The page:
Few objective c questions

Discussion in 'Mac Programming' started by Torchi12, Oct 11, 2011.

  1. Torchi12 macrumors newbie

    Joined:
    Oct 2, 2011
    #1
    1.
    Watched a tutorial about substrings.
    Here is some code:
    Code:
    NSString *d = @"Dont feed grapes to dogs!";
    
    NSRange range = [d rangeOfString:@"grapes"];
    
    Now, my question is, why is the NSString object a pointer but not the NSRange object?

    2.
    I don't quite understand static, could someone try to explain?

    3.
    When I make a new file, it automatically adds the following:
    Code:
    #import "testLolIgnoreMe.h"
    
    
    @implementation testLolIgnoreMe
    
    - (id)init
    {
        self = [super init];
        if (self) {
            // Initialization code here.
        }
        
        return self;
    }
    
    - (void)dealloc
    {
        [super dealloc];
    }
    //and other methods u create yourself
    @end
    
    Should it always look like that? With that init, and dealloc?
    The way I've learnt Obj c is just simply

    Code:
    #import <Foundation/Foundation.h>
    #import "FakeClass.h"
    
    int main(int argc, const char* argv[])
    {
    NSAutoreleasePool *pool = [ [NSAutoreleasePool alloc] init];
    
    FakeClass *object = [ [FakeClass alloc] init];
    
    //do some stuff
    
    [object release];
    [pool drain];
    
    return 0;
    }
    
    Is my way wrong, outdated or something?
    Should I start doing it like the example code? The one that shows up when i create a new file?

    4.
    About objects, I do it by doing = [ [Class alloc] init ];
    But I've seen other ways, like autorelease.
    Should I continue with alloc, init?

    5.
    Autoreleasepools are only used when u initialize objects with autorelease?
    And send a release message to all obejcts that use autorelease?
    Something like that? Read it somewhere, always understand better when people explain to me though.
     
  2. jiminaus macrumors 65816

    jiminaus

    Joined:
    Dec 16, 2010
    Location:
    Sydney
    #2
    Too many questions which would each require an essay because you're lacking fundamental understandings.

    I suggest you start reading good material instead of watching tutorials. If you aren't willing or able to get your hands on a book, then start reading the Apple documentation.

    http://developer.apple.com/library/mac

    Read the documents under the Getting Started tab. Then move on to the documents under the Required Reading tab.
     
  3. gnasher729 macrumors P6

    gnasher729

    Joined:
    Nov 25, 2005
    #3
    Instead of trying to get it on the internet for free, why don't you try to hire someone to give you lessons? That's how I made a bit of money when I was sixteen; you should have no problem finding someone who will give you lessons for $15 or $20 an hour.
     
  4. iPhone4UK macrumors 6502

    Joined:
    Jun 15, 2010
    #4
    I'd love someone to give me lessons maybe over webcam or something. Any one know where to look?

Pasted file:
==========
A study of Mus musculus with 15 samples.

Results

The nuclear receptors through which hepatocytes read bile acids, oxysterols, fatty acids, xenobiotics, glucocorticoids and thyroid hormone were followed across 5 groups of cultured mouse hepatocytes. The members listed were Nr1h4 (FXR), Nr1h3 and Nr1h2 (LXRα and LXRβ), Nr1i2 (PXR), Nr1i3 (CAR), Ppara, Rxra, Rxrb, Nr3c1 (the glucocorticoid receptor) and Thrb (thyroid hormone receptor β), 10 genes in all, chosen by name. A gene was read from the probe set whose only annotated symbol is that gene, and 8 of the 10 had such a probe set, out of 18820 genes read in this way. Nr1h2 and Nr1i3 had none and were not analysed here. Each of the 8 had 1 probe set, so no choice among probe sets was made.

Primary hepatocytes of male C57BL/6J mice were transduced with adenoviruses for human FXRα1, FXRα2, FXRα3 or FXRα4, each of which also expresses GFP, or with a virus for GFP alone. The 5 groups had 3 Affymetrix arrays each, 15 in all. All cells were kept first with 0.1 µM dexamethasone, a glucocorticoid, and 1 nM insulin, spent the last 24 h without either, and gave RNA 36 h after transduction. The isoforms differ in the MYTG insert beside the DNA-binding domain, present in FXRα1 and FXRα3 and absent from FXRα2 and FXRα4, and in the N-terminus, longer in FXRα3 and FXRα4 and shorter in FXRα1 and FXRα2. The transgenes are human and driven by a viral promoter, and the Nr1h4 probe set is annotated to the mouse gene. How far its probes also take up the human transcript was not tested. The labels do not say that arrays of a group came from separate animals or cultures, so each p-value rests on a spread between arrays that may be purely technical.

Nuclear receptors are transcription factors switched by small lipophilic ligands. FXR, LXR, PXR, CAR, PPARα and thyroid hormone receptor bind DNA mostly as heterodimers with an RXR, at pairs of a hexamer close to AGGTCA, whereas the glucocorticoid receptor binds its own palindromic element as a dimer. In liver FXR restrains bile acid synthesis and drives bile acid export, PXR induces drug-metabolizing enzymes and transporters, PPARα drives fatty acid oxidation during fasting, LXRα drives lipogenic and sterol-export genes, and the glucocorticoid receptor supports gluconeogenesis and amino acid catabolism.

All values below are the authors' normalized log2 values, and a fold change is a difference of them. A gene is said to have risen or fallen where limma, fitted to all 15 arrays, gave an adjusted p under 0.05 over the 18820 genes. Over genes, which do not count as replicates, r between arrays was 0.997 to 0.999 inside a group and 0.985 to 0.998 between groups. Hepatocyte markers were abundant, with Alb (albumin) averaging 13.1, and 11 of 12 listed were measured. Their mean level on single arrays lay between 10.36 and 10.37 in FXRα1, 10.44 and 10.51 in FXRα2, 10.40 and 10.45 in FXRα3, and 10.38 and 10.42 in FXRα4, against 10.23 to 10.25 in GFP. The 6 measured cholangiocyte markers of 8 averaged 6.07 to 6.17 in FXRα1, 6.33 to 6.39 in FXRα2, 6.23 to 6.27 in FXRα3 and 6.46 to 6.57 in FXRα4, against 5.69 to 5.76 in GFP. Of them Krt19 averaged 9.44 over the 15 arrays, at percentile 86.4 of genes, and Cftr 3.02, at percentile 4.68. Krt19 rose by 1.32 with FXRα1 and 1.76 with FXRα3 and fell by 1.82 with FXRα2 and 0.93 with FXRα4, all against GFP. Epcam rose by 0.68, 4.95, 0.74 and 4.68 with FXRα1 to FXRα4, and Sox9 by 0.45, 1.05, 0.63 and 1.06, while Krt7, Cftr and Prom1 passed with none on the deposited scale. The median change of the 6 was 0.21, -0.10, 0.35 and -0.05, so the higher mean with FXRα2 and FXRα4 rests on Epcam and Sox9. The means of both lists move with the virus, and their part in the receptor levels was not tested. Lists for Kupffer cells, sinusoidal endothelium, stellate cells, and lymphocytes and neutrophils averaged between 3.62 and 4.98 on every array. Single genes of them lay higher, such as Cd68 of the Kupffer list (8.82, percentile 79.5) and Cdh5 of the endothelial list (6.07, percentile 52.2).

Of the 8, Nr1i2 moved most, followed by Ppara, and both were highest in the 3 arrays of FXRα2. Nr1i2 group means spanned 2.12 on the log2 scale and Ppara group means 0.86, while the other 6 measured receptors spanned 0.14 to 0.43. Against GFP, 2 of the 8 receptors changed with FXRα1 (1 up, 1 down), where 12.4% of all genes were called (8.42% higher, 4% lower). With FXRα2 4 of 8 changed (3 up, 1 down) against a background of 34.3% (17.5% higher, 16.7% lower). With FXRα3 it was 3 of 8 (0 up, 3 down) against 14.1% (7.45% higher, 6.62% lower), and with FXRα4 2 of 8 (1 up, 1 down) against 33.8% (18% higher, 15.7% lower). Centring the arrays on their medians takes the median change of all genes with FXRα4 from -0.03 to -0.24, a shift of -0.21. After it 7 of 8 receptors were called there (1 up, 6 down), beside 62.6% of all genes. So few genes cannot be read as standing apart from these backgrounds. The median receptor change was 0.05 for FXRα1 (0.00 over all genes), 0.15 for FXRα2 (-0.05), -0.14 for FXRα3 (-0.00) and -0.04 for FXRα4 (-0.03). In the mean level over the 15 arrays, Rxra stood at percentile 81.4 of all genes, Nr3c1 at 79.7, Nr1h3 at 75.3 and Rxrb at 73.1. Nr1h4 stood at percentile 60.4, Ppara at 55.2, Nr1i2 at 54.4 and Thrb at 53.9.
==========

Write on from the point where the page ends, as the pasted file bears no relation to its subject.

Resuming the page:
5. lee1210 macrumors 68040

    lee1210

    Joined:
    Jan 10, 2005
    Location:
    Dallas, TX
    #5
    1.*NSString is here:
    http://developer.apple.com/library/...lasses/NSString_Class/Reference/NSString.html
    NSRange is here:
    http://developer.apple.com/library/...oundation_DataTypes/Reference/reference.html*
    They are different sorts of things. Start your research there for immediate answers, but head here for more of a foundation:
    http://developer.apple.com/library/mac/documentation/cocoa/conceptual/objectivec/objc.pdf

    2. This means different things in different contexts. In a class declaration context this means the variable is a class member variable, so whenever this variable is referenced at the class level or from an instance method, the exact same variable is used. This is for storing class-level state, such as a pointer to a singleton instance.
    In a plain C function this means that the variable lives on the heap, and the variable has program lifetime. It will persist across invocations, contrasting with automatic, stack-local variables, the "normal" case.

    3. This is the difference between a barebones class implementation file and a basic entry point to a program. main is the entry point to all C and Objective-C programs. As others have noted, this is as basic as it comes. What docs have you read so far?

    4. Read the memory management programming guide:
    http://developer.apple.com/library/...onceptual/MemoryMgmt/Articles/MemoryMgmt.html
    It will tell you about retain, release, and autorelease. It will explain ownership, if you own an object returned from a method with init in the name, and lots of other critical pieces of information.

    5. Read the guide from step 4 again. You'll need to at least twice, anyway. It's that important. You always need an autorelease pool. Even if you don't send a single autorelease, code you're calling will. The specifics of when autoreleased objects get released isn't important, ownership is.

    -Lee
     
  6. chown33 macrumors 604

    Joined:
    Aug 9, 2009
    #6
    Lifetime is correct. Storage class isn't.

    A static variable has static storage class, never heap.

    See here. Look for "storage class", or at subheading "Storage duration specifiers":
    http://en.wikipedia.org/wiki/C_syntax
     
  7. lee1210 macrumors 68040

    lee1210

    Joined:
    Jan 10, 2005
    Location:
    Dallas, TX
    #7
    Touché. A bit sloppy on that one, I meant "not on the stack", but that doesn't mean the heap.

    -Lee
     
  8. firewood macrumors 604

    Joined:
    Jul 29, 2003
    Location:
    Silicon Valley
    #8
    Which may or may not just be a difference in vocabulary, as some compiler/linker-loader/runtime combinations allocate C static storage class memory from the heap, before linking it to a runtime global base pointer.